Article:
Tuesday | 12 June, 2007

Gender, Georgia and the “F” Word

Georgian women have a significant history of being politically active and engaged. In fact, more women than men died in the April 1989 massacre by Soviet forces in Tbilisi. During Georgia’s nationalist movement, and indeed through many of its transitions, issues of gender equality were viewed as peripheral, if not irrelevant. Tamar Sabedashvili, commissioned by the Heinrich Böll Foundation, took a retroactive look at Georgia’s democratic developments from 1991-2003 with an emphasis on the post-Rose Revolution period. She sought to explore how these transitions have affected women, if women have an increased presence in politics, or if a robust women’s movement has been spurred.

Much of Sabedashvili’s commentary is predictable. It is not shocking that Georgian women have not made large strides in representation in politics or increased wages and job opportunities. Georgia has de jure gender equality, which is convenient while on the books, but largely immaterial in practice. She articulates two major reasons for this stagnation, one being that women’s groups do not articulate their needs well, and a general lack of political will.

What was particularly interesting was Sabedashvili’s review of the actual wording in the Georgian Constitution, which is replete with institutionalized paternalism. Women are mentioned only twice in the Constitution, in the same class as minors, and contextualized by their roles as mothers and spouses. The Constitution confers responsibility on the state as guarantor of gender equality but the quality of legislation is sorely lacking, and legislation itself is not sufficient to uproot such deeply entrenched attitudes as on the competency of women in politics (a poll found that in general men were believed to be “better politicians” than women) and the traditionalist influence of the Church. The Constitution uses gender-neutral terminology such as “citizen,” “person,” and “individual,” as though it is unnecessary to differentiate citizens on the basis of sex; Sabedashvili reminds us that the “history of legal thought” regarded men as the subjects of law, so terminology should be changed to read “men and women” instead of just “persons.”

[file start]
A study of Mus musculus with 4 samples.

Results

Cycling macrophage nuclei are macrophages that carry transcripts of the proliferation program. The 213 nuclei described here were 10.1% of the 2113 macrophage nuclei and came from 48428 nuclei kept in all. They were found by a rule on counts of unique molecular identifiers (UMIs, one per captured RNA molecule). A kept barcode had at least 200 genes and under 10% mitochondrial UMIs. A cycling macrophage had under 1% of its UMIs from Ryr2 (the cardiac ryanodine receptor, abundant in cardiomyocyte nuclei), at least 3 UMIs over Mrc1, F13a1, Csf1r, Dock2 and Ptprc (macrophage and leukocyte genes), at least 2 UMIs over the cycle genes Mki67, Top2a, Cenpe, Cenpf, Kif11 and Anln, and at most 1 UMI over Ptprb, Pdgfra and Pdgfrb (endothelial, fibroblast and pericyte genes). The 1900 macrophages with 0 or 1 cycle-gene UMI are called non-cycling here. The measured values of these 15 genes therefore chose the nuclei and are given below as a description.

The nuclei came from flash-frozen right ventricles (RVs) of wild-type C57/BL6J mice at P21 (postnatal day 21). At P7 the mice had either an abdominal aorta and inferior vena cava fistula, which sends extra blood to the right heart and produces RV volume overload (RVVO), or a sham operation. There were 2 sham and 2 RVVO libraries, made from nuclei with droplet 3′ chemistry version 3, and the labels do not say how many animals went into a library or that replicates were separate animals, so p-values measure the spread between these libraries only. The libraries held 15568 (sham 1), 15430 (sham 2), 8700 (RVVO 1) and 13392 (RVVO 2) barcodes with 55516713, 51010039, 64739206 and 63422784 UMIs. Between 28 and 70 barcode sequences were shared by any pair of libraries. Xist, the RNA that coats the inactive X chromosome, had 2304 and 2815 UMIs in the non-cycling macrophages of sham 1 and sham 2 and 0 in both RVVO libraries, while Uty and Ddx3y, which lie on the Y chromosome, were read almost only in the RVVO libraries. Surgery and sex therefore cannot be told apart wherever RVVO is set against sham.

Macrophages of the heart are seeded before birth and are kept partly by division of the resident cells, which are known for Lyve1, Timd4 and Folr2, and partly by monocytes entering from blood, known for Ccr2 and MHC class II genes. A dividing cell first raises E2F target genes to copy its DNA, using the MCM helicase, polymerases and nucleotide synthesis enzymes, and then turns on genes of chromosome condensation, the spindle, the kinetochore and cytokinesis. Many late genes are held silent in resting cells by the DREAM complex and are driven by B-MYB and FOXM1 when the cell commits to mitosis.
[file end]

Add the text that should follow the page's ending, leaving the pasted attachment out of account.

Georgian Constitutional Article 6, Paragraph 2 declares that international law – both treaty-based and customary- takes precedence over domestic normative acts. International law however needs first to be implemented in the form of domestic legislation. Georgia cannot complete its treaty obligations on gender equality without first implementing operational corresponding legislation- and then applying that legislation.

In exploring the problems associated with guaranteeing human rights, Sabedashvili referenced the “possession paradox,” the problem that arises when a person has the right to something without the corresponding right (and actual practice) to enforcement of said right.

Sabedashvili’s article brings up many interesting and varied questions on the relevance of Western feminist thought, cultural relativism, and gender equality in Georgia, which can be expanded to include many developing countries and the general international discourse. The influence of the Church in Georgia is immeasurable, and is a great contributing factor in conservative and paternalistic attitudes towards women in Georgia. The passage of October 2000’s UN Security Council Resolution 1325 on women, peace and security put a female representative in the Georgia’s Office of the State Minister for Conflict Resolution but women as of yet not been invited to the formal conflict resolution process.

One of the key propositions Sabedashvili gives is for Georgian women’s groups to identify roadblocks and create strategies to cooperate with each other and better influence policymakers. International development organizations can consult and disseminate aid until there is none left to give, but without an authentic grassroots movement and a targeted Georgian approach to these problems, their actions and roles in Georgian society will be limited.

Sabedashvili's paper can be found here.